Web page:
Clean, renewable and discounted solar power is expected to save the City of Niagara Falls a total of $600,000 over the next 20 years.
The City Council unanimously agreed at a special meeting on Monday to purchase two megawatts of discounted power each year from SunEdison Origination at a projected annual savings of $30,000 per year.
SunEdison, of Toronto, builds solar arrays across the country and receives credits for power they produce. These credits are sold to municipalities or other large users.
Common Council Chairman Andrew P. Touma said city officials are excited to be partnering with SunEdison.
“We are talking about a significant amount of savings over the lifetime of this contract,” Touma said of the 20-year partnership.
Thomas DeSantis, the city’s senior planner, said, “The power doesn’t come to us. It goes into the grid. We get the credits. They get a percentage of the credit and we get a percentage of the credit.”
He said SunEdison only sells these blocks of power credits to large users, like commercial enterprises or municipalities, not individual users.
DeSantis said the city uses hundreds of megawatts of power for things like street lights, municipal buildings, pool filters, ice rinks and more and the city must pay for power like any other user. These two megawatts at a reduced rate, while not a major share of the millions of dollars spent, will still produce savings in the city budget that can be passed on to city taxpayers, he said.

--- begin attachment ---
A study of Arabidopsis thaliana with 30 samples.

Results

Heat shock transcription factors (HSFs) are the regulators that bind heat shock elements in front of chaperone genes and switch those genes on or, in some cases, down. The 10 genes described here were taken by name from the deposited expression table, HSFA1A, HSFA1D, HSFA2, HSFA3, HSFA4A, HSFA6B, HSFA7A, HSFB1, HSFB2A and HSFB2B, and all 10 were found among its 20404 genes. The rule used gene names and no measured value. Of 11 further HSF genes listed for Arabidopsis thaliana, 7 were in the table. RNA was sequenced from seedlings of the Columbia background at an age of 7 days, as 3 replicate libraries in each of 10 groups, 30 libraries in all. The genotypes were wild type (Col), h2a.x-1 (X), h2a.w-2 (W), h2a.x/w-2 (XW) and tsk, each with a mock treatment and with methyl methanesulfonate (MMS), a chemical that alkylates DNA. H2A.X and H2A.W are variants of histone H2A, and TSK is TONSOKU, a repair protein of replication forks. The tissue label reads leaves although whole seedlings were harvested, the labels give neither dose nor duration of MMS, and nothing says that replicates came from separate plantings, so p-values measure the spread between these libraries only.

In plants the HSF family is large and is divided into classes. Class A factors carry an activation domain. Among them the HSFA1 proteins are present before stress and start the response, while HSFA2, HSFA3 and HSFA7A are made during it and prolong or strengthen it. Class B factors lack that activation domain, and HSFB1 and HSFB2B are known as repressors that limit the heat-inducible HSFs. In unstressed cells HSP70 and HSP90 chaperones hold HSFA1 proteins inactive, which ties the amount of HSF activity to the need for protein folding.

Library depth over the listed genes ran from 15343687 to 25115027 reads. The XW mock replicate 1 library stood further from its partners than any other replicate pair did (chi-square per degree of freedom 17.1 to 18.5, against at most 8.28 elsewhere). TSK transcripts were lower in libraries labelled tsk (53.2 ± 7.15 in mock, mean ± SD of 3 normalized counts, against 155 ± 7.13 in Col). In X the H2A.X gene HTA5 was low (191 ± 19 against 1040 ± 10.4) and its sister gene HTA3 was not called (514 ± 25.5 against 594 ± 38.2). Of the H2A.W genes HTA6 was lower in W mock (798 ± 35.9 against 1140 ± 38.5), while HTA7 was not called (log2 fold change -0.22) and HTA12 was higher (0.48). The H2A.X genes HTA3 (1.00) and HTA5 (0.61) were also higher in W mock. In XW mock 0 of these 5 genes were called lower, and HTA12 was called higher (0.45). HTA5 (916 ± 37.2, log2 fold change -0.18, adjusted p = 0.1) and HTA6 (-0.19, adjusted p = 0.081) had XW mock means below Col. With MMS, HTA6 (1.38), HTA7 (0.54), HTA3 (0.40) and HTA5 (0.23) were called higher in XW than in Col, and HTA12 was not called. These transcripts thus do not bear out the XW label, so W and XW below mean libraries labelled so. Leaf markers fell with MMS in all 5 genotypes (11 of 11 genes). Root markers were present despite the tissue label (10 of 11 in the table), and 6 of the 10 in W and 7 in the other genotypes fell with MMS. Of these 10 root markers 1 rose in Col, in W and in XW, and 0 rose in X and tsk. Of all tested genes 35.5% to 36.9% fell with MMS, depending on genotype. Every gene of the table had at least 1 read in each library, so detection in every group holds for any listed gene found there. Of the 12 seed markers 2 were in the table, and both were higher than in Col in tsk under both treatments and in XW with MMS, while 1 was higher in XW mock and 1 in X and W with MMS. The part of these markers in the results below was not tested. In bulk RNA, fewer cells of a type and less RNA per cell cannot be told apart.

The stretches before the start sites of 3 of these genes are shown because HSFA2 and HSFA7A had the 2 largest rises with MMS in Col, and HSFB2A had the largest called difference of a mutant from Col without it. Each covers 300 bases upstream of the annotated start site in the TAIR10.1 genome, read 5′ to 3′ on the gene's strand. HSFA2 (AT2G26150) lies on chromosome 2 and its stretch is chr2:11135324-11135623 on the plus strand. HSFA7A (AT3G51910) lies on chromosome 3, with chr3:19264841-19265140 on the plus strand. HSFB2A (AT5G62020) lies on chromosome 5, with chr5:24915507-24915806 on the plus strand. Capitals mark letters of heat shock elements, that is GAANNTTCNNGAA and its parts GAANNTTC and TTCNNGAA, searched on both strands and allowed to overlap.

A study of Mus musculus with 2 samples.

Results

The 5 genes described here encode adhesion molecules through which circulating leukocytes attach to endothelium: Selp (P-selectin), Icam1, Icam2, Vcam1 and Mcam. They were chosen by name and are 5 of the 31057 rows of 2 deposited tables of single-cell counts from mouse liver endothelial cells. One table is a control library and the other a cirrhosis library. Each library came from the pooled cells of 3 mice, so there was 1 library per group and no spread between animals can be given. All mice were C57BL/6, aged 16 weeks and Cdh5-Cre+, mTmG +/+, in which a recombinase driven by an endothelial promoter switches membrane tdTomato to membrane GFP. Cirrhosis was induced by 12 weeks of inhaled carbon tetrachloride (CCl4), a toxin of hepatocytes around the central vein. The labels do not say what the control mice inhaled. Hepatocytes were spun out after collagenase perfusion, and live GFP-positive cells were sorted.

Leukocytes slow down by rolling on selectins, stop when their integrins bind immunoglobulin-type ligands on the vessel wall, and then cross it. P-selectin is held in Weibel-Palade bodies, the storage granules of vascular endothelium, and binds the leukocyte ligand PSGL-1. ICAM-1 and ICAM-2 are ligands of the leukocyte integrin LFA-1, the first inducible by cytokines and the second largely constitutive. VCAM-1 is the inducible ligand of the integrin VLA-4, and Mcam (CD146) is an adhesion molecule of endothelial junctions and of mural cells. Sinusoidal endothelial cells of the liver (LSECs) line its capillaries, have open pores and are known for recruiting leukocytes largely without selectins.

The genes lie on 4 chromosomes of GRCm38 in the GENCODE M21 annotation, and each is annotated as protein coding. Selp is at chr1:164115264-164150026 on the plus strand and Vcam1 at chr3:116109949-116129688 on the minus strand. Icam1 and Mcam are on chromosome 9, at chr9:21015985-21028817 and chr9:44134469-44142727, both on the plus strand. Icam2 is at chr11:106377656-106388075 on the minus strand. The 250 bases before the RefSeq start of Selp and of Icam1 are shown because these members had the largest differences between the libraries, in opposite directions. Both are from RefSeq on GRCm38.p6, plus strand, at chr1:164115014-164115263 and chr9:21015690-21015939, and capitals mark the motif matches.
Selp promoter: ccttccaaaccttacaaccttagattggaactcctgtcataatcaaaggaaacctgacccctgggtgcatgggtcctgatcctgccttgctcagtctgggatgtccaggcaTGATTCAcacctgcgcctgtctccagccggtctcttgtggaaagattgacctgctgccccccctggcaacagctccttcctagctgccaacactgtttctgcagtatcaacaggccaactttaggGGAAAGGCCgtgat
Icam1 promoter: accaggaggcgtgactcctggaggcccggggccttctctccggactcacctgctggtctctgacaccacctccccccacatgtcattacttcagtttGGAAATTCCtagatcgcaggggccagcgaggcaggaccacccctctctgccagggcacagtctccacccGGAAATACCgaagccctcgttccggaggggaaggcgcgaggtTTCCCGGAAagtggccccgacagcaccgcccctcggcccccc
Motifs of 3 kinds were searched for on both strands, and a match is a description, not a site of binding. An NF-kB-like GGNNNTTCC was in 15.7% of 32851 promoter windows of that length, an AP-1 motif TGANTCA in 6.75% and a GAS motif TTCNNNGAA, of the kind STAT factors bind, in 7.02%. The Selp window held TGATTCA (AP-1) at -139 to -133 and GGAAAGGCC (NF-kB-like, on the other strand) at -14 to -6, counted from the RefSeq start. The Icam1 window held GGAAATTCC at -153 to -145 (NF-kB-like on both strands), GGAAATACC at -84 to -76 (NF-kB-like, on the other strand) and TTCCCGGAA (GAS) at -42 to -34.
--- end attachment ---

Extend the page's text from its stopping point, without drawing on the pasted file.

“If we didn’t do this, the taxpayer would be paying that $30,000,” DeSantis said. “And now we are purchasing green power. There’s an environmental benefit as well.”
New York State allows investor-owned utilities to generate an overabundance of solar power and sell credits to other customers in the same utility region and load zone.
A solar panel array to be built later this year or early in 2017 in Rush, south of Rochester, will supply the power to be credited to Niagara Falls. The state offers several incentives to construct solar arrays.
Niagara Falls was grandfathered in under the 2015 program, which had a limited amount of megawatts eligible for the state incentive. DeSantis said the City Council took action Monday night at a special meeting so the city would be able to participate before all of the 2015 incentives were used up.
“Future allocations of power have a less beneficial rate,” he said.
He said the city already receives discounted power through an agreement with the New York Power Authority, so in order to realize any savings, it needed to participate at the lowered incentive rate.
Touma said the current agreement doesn’t preclude the city from looking at other opportunities for creating its own solar energy system and is hoping to do so.